Why refinancing affects credit scores.

Whether you’re considering to refinance your mortgage, car loan, student loan, or a personal loan, your credit score will definitely be affected. You should expect your score to drop a bit for two reasons, but here’s our first bit of advice:
 

Avoid the surprise party

 
Request a free copy of your credit report before submitting any refinancing applications. You’re entitled to a free report every 12 months from each of the three major credit bureaus: Equifax®, Experian®, and TransUnion®. Requesting a copy of your own report is considered a “soft” request and will not hurt your credit score as long as you haven’t already used your free check within the past 12 months.
 
Getting a sneak peek enables you to have any errors on your report corrected, so lenders will see your best possible score when determining your qualifying rate. Make your request through the only federally authorized site, AnnualCreditReport.com, as directed by the Consumer Financial Protection Bureau.
 

Two reasons refinancing will lower your credit score — and one action you can take to lessen the impact:

1. Multiple hard inquiries:

When a lender looks at your credit report, it is called a “hard” inquiry. When multiple lenders make hard inquiries on your behalf over several months, each inquiry will individually hurt your credit score. Hard inquiries remain on your report for two years.

Here’s what you can do about it. Get your ducks in a row. Line up the lenders you would like to contact and submit all of your applications within a short time frame.
 
If you shop rates with four lenders over a longer period of time and each hard inquiry reduces your score by 5 points or so, your score will drop by about 20 points. Conversely, if you submit all your applications so that vendors make requests within a two-week time frame, the requests will be counted as only one hard inquiry. This will reduce your score by only a few points, instead of 20, and your score will likely rebound within a few months with on-time payments. New credit scoring enables similar requests to be grouped as one, if they are made within 45 days. Older scoring, however, limits the grouping time frame to only two weeks. Knowing this, it’s best to have all lender requests submitted within 14 days, if possible.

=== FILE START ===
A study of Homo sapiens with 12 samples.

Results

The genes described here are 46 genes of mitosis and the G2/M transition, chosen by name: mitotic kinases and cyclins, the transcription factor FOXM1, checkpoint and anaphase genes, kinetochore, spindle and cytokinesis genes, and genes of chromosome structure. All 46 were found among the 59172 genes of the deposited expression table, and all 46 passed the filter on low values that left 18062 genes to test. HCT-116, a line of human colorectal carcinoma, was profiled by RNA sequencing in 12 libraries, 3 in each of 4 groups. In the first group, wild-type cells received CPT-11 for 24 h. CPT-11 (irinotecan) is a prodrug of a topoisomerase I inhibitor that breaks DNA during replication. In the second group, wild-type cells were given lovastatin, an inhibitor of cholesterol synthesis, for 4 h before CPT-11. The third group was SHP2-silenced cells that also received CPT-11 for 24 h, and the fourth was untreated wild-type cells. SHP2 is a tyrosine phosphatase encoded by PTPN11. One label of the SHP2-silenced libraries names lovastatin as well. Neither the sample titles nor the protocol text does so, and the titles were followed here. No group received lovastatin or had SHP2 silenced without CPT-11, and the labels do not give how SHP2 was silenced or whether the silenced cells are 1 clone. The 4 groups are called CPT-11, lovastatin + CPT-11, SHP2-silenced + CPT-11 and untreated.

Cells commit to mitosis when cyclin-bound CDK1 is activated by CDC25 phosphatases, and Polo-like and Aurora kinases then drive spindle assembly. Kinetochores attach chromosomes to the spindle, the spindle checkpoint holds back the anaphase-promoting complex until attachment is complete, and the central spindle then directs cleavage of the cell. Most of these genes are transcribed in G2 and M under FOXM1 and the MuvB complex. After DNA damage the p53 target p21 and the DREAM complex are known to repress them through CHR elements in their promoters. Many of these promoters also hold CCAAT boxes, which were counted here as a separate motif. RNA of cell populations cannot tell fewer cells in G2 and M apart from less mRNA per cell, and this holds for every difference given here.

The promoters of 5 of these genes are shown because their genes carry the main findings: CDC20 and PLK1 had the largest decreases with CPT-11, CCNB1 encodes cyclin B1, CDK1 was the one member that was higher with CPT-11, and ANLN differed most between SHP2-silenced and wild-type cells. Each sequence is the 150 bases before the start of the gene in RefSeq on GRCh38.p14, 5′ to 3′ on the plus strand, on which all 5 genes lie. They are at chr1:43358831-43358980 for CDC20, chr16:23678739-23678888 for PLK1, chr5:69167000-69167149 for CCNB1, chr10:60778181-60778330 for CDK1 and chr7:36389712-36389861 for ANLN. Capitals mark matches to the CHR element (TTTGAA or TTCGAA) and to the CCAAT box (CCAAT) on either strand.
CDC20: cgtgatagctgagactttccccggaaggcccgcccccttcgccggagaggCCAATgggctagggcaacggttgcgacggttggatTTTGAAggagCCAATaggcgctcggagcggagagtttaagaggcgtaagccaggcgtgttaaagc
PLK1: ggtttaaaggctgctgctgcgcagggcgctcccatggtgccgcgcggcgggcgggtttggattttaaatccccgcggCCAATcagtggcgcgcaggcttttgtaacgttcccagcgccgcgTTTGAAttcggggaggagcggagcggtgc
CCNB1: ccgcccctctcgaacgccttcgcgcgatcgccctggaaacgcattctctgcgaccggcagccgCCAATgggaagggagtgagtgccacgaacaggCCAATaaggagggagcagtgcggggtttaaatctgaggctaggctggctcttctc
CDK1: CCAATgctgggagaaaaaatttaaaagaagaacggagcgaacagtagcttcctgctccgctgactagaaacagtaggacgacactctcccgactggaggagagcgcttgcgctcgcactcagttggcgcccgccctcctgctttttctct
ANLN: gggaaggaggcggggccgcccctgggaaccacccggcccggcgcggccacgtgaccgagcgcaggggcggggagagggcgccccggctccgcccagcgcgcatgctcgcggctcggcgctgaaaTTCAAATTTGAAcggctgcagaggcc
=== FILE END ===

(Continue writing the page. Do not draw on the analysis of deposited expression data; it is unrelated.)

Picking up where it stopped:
Our other advice: Avoid having additional hard inquiries pulled for at least one year after refinancing.
 


Old debt becomes “new” debt:


Older loans are preferred to new ones because they show lenders your proven track record. Lenders like to see long-term accounts in good standing. While payment history makes up 35% of your FICO® score, 15% of your score is based on length of credit history. So, when you refinance, your original loan is closed and a new one is opened. Your good track record ends and you incur “new” debt. You can rebuild good payment history on your new account, but it takes time.
 

In conclusion:

 
Refinancing will hurt your credit score a bit initially, but might actually help in the long run. Refinancing can significantly lower your debt amount and/or your monthly payment, and lenders like to see both of those. Your score will typically dip a few points, but it can bounce back within a few months. When you refinance, you take on a new loan. It’s like being bumped back to Start while racing around the Hasbro Sorry!® game board. It’s a temporary setback, but you can still win!